Last updated on October 11th, 2012
Since our original post 2 years ago on filming, online video has continued to grow exponentially. More and more people have easier access to the Internet – whether it’s on a computer or a handheld device.
Filming an interview is a great way to add video to your site. Not only does it provide great, shareable content for your site, it adds overall credibility to your products and services.
But many online and content marketers have yet to adopt online video out of lack of experience, equipment and funds. In other words, you shouldn’t be discouraged due to a limited budget – producing online video is undoubtedly much easier than in years past.*
*(See our next post on filming an interview online, which is by far a more cost-effective option and opens you up to literally a world of prospects)
And one other very important development since before – the Google Panda and Penguin updates have made having original & informative content even more important. Video interviews, and subsequent written content, are one of many ways you can position your website for higher rankings in this new environment.
For today though, we wanted to reiterate the steps of a proper in-person interview. However, many of these principles can be applied to interviews filmed online – so they’re important to know regardless of how you plan on filming an interview.
What you first need to have of course is someone to interview, or an interviewee. You can find someone just about anywhere – maybe a coworker or the CEO of your company. Or maybe even a client or a prominent figure in your industry who can share their views with your readers.
Once you have someone in mind and they’ve agreed to the interview, you need to prepare for the actual filming. Continue reading for 9 steps to properly film a video interview to ensure your interview goes as smoothly as possible and accomplishes your goals.
1. Know what your interview is about beforehand
First thing you need to do is develop your questions and send them to the interviewee ahead of time. The interview itself isn’t the time to figure out what your story will be about…be prepared for that before you even enter the room.
2. Take a moment and get to know the interviewee before setting up
Before you get your camera equipment out, take a few moments to build a rapport with the interviewee. This will get both of you in a more relaxed state of mind for the interview. If one or both of you are new to interviewing, you will need to calm down before going any further. Let the interviewee see you care about them and are appreciative of their time.
3. Setup camera equipment before they sit down
Wait until you have setup your camera equipment before having the interviewee sit down. Once you’ve set all of the equipment up, have them sit down to make your final adjustments.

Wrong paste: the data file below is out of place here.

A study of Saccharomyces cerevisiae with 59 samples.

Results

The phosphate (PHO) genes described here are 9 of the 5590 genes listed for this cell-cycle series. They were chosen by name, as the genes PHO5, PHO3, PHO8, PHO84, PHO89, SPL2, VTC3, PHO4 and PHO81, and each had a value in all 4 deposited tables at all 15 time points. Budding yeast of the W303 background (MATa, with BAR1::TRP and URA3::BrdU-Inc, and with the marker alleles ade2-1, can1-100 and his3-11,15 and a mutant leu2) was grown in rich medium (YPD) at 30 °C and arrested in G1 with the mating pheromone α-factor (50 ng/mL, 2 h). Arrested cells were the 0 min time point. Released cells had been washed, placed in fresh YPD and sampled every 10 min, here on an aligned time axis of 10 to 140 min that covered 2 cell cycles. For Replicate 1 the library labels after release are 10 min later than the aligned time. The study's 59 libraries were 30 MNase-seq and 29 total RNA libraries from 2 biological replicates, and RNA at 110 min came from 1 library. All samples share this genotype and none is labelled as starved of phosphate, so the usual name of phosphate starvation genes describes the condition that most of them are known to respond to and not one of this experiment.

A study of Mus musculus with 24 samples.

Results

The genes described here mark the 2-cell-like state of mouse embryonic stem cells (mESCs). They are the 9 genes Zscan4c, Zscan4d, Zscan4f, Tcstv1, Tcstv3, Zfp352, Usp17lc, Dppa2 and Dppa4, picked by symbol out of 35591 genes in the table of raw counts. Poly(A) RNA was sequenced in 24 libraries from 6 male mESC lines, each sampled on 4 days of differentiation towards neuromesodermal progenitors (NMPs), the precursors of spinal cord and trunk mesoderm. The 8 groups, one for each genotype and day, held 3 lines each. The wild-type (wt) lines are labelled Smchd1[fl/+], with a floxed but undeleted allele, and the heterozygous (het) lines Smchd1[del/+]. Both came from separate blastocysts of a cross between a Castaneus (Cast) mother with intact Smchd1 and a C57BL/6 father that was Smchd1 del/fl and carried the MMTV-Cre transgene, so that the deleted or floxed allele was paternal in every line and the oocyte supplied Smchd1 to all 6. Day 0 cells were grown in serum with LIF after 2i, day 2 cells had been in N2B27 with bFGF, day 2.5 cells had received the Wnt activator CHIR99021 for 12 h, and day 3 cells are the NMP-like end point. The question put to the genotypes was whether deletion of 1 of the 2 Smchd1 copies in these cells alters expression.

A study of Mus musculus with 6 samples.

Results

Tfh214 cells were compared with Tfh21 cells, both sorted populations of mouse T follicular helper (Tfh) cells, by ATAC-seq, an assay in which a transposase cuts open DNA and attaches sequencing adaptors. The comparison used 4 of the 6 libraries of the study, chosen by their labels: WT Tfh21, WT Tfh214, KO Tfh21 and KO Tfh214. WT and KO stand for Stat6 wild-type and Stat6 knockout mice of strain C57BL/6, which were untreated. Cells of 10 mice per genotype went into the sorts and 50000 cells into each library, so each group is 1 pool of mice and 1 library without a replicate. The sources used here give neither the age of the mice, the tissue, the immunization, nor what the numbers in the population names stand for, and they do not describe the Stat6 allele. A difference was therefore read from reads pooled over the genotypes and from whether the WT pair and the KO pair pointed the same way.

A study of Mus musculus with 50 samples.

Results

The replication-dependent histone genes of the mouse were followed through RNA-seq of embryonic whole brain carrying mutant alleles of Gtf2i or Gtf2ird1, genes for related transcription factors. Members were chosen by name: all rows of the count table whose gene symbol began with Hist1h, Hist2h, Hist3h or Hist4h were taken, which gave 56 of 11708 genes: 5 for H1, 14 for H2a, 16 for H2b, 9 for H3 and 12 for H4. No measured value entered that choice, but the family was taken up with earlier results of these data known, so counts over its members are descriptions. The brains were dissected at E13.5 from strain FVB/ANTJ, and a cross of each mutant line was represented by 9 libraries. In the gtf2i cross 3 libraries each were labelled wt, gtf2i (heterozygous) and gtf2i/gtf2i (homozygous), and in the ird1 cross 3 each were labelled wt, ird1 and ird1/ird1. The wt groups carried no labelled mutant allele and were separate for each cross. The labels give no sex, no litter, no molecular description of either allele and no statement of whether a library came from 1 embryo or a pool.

4. Make sure you like where the interviewee is looking
Once your camera is setup and the interviewee is in place, be sure you’re okay with where the interviewee is looking. You will want them to maintain eye contact with you so don’t stand directly behind the camera but next to it a couple of feet away.
5. Stay in one place
The interviewee will keep looking at you so if you’re wandering around, that will look weird on film. Stay in one place and maintain eye contact with the interviewee.
6. Focus your camera closely
A big face in an online video is a good thing…focus your camera closely to get more of the interviewee’s face onto the screen.
7. Be aware of your background
Do your best to have a background free of any distractions. Don’t have anything going on behind them and check to see how any tall objects like power poles or trees look on the video. You don’t want to have your interviewee look like they have tree trunk growing out of their head!
8. Pay close attention to lighting
While you don’t want the interviewee to be squinting because of light in their eyes, you don’t want to have sunlight or strong light behind them either. This will make it difficult for viewers to see the interviewee. If you’re indoors, you may need to move lighting or get a lamp to balance out other light sources in the room.
9. Wear headphones to filter out abstract noises
Any kind of noise can come along and ruin your video. Keep your headphones on to monitor any abstract noises that may come along and ruin your video.
These are a few of the things you need to keep in mind when filming an interview. Below you can see some both good and bad ways to position someone on camera.
In the end, you can edit the film, post it on YouTube, link to it through your blog and include a short summary of the interview for those who prefer to read (…and to reap some of the advantages of SEO). And you can let the interviewee know when it’s up so they can link to it from their blog, giving you another high-quality link to your site.
Again, these steps are for properly filming an in-person interview…many of these steps are the same for one done online but there are some differences worth discussing.
Check back with us again in a few days for tips on filming an interview online.
In the mean time, do you have any interviews you’ve included on your site?
Did you have a few trial runs before getting a really good one?